From Longman Dictionary of Contemporary Englishcorecore1 /kɔː $ kɔːr/ ●●○ W3 AWL noun [countable] 1 fruitHBPMIDDLE the hard central part of a fruit such as an apple Remove the cores, and bake the apples for 40 minutes.2 most important partMAIN the most important or central part of somethingcore of The core of the book focuses on the period between 1660 and 1857. Debt is at the core of the problem.3 peopleGROUP OF PEOPLE a number of people who form a group which is very important to an organization The business needs a new core of trained administrators. a core group of clients → hard core4 → to the core5 HEGplanet the central part of the Earth or any other planet6 nuclear reactorHPTP the central part of a nuclear reactor
Examples from the Corpuscore• The Earth has a solid inner core 2500 km in diameter.• But for that to happen it must appeal beyond its core Shia constituency.• Operator errors allowed the radioactive core to overheat.• MTV's core audience is 18- to 24-year-olds.• With so much change and fragmentation in the new career world, you need a solid core of self.• The profit motive is at the core of the capitalist system.• At the core of the academic studies is a basic rule: Investors believe in the status quo.• It causes the core body temperature to increase to a peak and descend to a trough once every twenty-four hours.• In fact, both of these subjects are woven into the core courses Jimi has had today.• Only the core of the volcano remained.• She had the ability to cut through to the core of a problem.• The core of the play's appeal is that the good guys win in the end.• There are two core elements of support offered to local voluntary groups by the Campaign - information and grants.at the core of• At the core of the constitution of liberty, then, lies the concept of the rule of law.• At the core of the fight over the constitution is the relationship of powers between the presidency, government and parliament.• At the core of the issue is the determination of critical habitat.• It is feelings, the heart not the mind, which are at the core of the Green polity.• It is at the core of our proposals that single-person households should pay less than households comprising two or more adults.• Phonics-based reading is at the core of the no-frills academic program, and repetitive drills and memorization are stressed.• But poor reading is not at the core of the paralysis they feel.• Most PACs represented corporations, still at the core of campaign financing.corecore2 AWL adjective 1 → core curriculum/subjects/skills etc2 → core business/activities/operations etc3 → core values/beliefs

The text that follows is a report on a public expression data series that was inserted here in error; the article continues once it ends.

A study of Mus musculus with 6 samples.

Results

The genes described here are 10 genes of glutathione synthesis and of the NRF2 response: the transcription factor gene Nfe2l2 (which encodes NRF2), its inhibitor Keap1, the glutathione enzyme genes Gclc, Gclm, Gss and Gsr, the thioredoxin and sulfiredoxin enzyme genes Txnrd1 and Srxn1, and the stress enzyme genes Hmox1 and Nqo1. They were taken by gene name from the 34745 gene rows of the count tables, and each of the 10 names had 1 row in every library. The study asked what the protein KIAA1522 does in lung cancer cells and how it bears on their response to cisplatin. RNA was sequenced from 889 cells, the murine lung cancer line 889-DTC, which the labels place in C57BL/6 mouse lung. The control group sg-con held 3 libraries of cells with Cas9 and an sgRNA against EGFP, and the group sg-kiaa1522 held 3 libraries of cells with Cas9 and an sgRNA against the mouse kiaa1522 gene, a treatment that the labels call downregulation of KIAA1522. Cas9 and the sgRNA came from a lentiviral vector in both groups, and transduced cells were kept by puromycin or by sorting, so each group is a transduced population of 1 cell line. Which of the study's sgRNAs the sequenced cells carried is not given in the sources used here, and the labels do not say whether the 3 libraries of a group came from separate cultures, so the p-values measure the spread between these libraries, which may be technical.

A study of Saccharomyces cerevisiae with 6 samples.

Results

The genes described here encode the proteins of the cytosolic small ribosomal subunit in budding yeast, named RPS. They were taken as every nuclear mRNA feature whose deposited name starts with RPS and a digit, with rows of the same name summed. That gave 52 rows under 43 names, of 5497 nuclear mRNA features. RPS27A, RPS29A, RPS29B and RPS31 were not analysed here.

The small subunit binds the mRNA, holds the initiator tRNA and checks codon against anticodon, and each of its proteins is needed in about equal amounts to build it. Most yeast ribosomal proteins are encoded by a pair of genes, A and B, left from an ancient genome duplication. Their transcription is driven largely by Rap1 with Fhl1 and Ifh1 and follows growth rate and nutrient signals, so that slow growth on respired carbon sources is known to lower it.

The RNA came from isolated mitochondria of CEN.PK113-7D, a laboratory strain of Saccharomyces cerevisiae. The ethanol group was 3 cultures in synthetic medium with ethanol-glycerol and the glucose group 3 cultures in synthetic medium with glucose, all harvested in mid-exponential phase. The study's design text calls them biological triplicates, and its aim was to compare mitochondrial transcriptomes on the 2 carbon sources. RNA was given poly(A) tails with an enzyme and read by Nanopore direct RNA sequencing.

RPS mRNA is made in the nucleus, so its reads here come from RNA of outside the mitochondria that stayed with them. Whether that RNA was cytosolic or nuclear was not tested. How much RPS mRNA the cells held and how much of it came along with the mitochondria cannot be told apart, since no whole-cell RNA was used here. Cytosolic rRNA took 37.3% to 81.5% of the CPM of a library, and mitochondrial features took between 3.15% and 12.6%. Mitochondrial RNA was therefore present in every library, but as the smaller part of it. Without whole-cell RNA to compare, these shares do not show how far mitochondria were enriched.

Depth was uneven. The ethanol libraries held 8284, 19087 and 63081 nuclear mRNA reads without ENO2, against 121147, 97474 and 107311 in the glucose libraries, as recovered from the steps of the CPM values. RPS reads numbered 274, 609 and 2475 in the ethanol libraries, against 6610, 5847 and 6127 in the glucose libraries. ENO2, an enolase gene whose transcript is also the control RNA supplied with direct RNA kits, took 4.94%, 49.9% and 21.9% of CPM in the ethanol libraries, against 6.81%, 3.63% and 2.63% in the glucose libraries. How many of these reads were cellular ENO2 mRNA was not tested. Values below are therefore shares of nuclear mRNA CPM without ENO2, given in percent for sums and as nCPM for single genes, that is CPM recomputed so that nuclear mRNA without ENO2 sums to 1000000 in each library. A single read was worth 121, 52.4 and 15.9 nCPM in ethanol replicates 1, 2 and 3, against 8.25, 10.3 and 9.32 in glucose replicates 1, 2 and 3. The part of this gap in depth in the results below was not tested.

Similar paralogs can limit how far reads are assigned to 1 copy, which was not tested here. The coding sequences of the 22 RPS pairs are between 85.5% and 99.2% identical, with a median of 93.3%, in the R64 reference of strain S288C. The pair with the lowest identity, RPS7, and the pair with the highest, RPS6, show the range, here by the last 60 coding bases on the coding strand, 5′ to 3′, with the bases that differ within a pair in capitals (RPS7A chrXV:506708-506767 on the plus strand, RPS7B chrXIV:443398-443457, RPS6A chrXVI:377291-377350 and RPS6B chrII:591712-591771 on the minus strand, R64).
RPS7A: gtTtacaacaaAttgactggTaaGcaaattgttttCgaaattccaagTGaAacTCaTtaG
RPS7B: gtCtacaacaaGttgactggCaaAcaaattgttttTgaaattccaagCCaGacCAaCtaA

Examples from the Corpuscore• The government will discuss what they say are the core issues of education and health care.• We concentrate most of teaching the core skills of reading, writing, and mathematics.corecore3 AWL verb [transitive] DFCto remove the centre from a fruit→ See Verb table
Examples from the Corpuscore• Peel it, quarter it, core it, cut it in pieces and then poach it in a sugar syrup.• Core the apple and cut into ¼-inch slices.• Peel and core the apples and cut into quarters.• Peel and core the fruit, cut it into crescent-moon slices and put it into the dish.From Longman Business Dictionarycorecore1 /kɔːkɔːr/ noun [countable] a part of something that is important in relation to its growth, future etccore ofThe business park has created a core of new technology businesses in a city long affected by economic decline.A core of major states support the national organization’s plan. → see also hard corecorecore2 adjective core business/activity/productCOMMERCE the business, activity etc that makes the most money for a company and that is considered to be its most important and central oneUS car maker Chrysler is to sell off its $1 billion technology arm to concentrate resources on its core business.